Where’s the bubble gum in Comic Book Creator Trading Cards?

Many of the items in the Schulz Graphic Novel Library are rare; from our bound Punch collection (1878-1924!) to James Sturm’s Master’s thesis to bound classic X-Men issues 1-43 (thanks, Robin McConnell!). But one that deserves the spotlight is our Comic Book Creators Trading Cards. Donated IN FULL with a binder from Ohio State University are these cards from Eclipse Entertainment feature some top cartoonists of then, 1992, and still today. As a cartoonist, I feel that I should point out Eclipse folded up the next year, one hopes it wasn’t from poor sales on these excellent cards.

Each card comes with a great picture, added gradient backgrounds and stats: birthdate, hometown, writing hand, drawing town and school (if applicable).

You wonder if the creators were asked to pick their photo or if they blindly said yes. Some creators had fun like Sergio Aragones…

Most cartoonists managed to crack a smile…

Others put on their school photo smiles…

What some chose to wear was fantastic…

While some creators wore less…

Some research proved that we were not the only lucky possessors of an entire collection of comics creator stars: Chris Sims from the Comics Alliance wrote a fantastic article on the 1993 set of cards by Majestic (ours are 1992) where the card features the ART instead of the creator. These cards are an excellent snapshot or time capsule of style, Photoshop capabilities and the novelty of collector paraphernalia. David Yoder (CCS ’10) created a set of trading cards featuring his classmates at the Center for Cartoon Studies.

But the question remains: when will the next set of Comic Book Creator Trading Cards come out? How long must we wait for some foil-bound bits of heaven? Until then, visit the Schulz Graphic Novel Library and ask to see the Famous Comic Book Creators Trading Card set. We’ll provide the much-missed gum.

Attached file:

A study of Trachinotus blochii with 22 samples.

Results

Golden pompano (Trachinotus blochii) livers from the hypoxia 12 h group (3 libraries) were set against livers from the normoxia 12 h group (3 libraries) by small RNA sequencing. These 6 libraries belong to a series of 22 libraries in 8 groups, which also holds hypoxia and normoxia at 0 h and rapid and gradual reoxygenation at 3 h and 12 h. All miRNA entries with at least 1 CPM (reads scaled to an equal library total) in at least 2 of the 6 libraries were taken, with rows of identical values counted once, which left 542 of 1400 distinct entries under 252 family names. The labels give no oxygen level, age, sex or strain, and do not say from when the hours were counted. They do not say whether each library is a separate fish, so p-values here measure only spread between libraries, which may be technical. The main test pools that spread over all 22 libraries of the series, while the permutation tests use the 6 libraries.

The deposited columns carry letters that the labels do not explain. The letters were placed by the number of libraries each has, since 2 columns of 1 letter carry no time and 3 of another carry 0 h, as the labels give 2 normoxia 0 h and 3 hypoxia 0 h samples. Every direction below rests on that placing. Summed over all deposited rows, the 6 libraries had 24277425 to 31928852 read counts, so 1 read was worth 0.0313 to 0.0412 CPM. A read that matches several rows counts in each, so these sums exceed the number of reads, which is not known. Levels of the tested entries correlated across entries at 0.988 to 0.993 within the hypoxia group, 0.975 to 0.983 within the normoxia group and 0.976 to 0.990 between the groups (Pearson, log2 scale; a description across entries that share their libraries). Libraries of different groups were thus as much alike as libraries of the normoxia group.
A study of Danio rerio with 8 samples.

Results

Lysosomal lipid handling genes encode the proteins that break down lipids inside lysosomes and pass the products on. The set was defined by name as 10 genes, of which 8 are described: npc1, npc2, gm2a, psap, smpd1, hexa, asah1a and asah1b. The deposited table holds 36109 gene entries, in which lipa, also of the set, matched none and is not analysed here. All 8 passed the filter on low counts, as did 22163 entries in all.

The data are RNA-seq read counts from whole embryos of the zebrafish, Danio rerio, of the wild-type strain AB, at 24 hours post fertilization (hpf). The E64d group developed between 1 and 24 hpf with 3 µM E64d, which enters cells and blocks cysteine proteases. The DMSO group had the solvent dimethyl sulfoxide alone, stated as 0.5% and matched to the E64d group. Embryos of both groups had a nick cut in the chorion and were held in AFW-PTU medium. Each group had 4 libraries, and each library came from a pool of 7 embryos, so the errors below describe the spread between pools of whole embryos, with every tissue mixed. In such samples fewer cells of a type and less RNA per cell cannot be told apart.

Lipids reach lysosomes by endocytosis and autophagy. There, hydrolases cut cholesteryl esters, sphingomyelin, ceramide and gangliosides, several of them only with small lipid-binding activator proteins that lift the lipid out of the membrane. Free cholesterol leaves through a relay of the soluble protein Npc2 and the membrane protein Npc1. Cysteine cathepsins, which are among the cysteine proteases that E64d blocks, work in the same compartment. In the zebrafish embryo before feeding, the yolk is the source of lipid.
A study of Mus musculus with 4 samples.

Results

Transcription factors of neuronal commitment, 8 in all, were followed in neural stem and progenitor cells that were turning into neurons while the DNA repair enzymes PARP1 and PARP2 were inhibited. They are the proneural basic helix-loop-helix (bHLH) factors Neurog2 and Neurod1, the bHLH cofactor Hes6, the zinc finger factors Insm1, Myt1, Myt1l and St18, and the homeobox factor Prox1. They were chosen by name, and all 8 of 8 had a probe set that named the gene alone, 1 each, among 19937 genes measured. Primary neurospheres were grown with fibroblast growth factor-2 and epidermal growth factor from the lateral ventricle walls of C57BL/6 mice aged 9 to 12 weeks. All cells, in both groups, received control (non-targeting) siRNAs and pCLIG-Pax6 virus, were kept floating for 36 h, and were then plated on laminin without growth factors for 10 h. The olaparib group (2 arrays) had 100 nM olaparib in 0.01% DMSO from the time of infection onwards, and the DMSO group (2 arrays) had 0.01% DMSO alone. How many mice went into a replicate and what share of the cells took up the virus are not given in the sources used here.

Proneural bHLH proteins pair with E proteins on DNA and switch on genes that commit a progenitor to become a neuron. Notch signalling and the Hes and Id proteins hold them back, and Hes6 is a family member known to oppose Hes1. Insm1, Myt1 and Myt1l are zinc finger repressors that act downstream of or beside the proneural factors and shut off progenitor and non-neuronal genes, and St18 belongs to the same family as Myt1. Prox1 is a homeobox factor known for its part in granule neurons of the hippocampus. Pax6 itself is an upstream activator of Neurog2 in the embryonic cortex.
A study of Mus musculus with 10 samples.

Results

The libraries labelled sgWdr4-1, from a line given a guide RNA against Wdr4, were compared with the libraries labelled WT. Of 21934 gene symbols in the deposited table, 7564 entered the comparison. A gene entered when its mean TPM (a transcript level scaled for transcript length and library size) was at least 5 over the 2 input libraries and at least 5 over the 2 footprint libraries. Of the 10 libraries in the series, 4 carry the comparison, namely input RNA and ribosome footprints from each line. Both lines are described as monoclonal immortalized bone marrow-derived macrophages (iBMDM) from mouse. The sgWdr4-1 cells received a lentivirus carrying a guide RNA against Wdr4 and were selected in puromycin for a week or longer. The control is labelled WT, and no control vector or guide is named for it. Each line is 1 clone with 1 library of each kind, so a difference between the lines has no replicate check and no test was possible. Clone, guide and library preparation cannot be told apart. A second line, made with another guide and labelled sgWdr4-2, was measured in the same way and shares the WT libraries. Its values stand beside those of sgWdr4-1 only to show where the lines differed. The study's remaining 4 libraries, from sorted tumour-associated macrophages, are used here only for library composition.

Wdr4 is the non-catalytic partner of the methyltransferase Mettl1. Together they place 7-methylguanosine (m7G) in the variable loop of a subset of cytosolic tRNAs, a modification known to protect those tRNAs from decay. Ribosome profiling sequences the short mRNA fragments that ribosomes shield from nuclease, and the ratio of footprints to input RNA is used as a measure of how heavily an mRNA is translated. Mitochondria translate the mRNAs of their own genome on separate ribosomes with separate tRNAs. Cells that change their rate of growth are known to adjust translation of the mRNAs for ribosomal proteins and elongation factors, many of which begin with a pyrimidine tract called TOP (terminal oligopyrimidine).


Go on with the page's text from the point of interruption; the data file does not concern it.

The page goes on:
-Jen Vaughn


  1. caitlin m says:

    Is it savvy to comment on a blog I write for? GREAT post, Jen! I’ve actually yet to take a look at these in person, and now I can’t wait to go to work on Monday. So rad. Though I do wish there were pokemon-esque powers assigned to each artist.


    I did my own sets back in the mid-90s as well…
    http://www.flickr.com/photos/adhousebooks/sets/72157622747915182/
    But your right. A new set needs to be created!

  4. Nat Gertler says:

    One thing that the set you get likely doesn’t contain is the chase cards – various of the creators each autographed cards (I believe 100 per creator). These cards can be discerned from normal cards that someone got autographed at a convention, because the chase version has a blue back instead of a yellow back.
    I’ve got Tom Lyle!

  5. Producing these cards was a lot of fun. The cartoonists—or heirs—supplied their own photos. The hand-tinted look harkens back to non-sports cards from the 1950s. I’ve always collected non-sports cards, and gave the colorist samples of hand-tinted cards from Zorro and TV Westerns (Have Gun, Will Travel!) sets. The coloring was done by Dennis Gallagher, who was the art director of the San Francisco Chronicle (and also designed Eclipse’s “Krazy & Ignatz” series and the “Jiggs Is Back” book I co-published with Bob Callahan).

    • jenvaughn says:

      Thanks for all the behind-the-magic-information, Dean! I was wondering who provided the photos (ie. shirtlessness). The coloring is fun especially those hot pink or green backgrounds!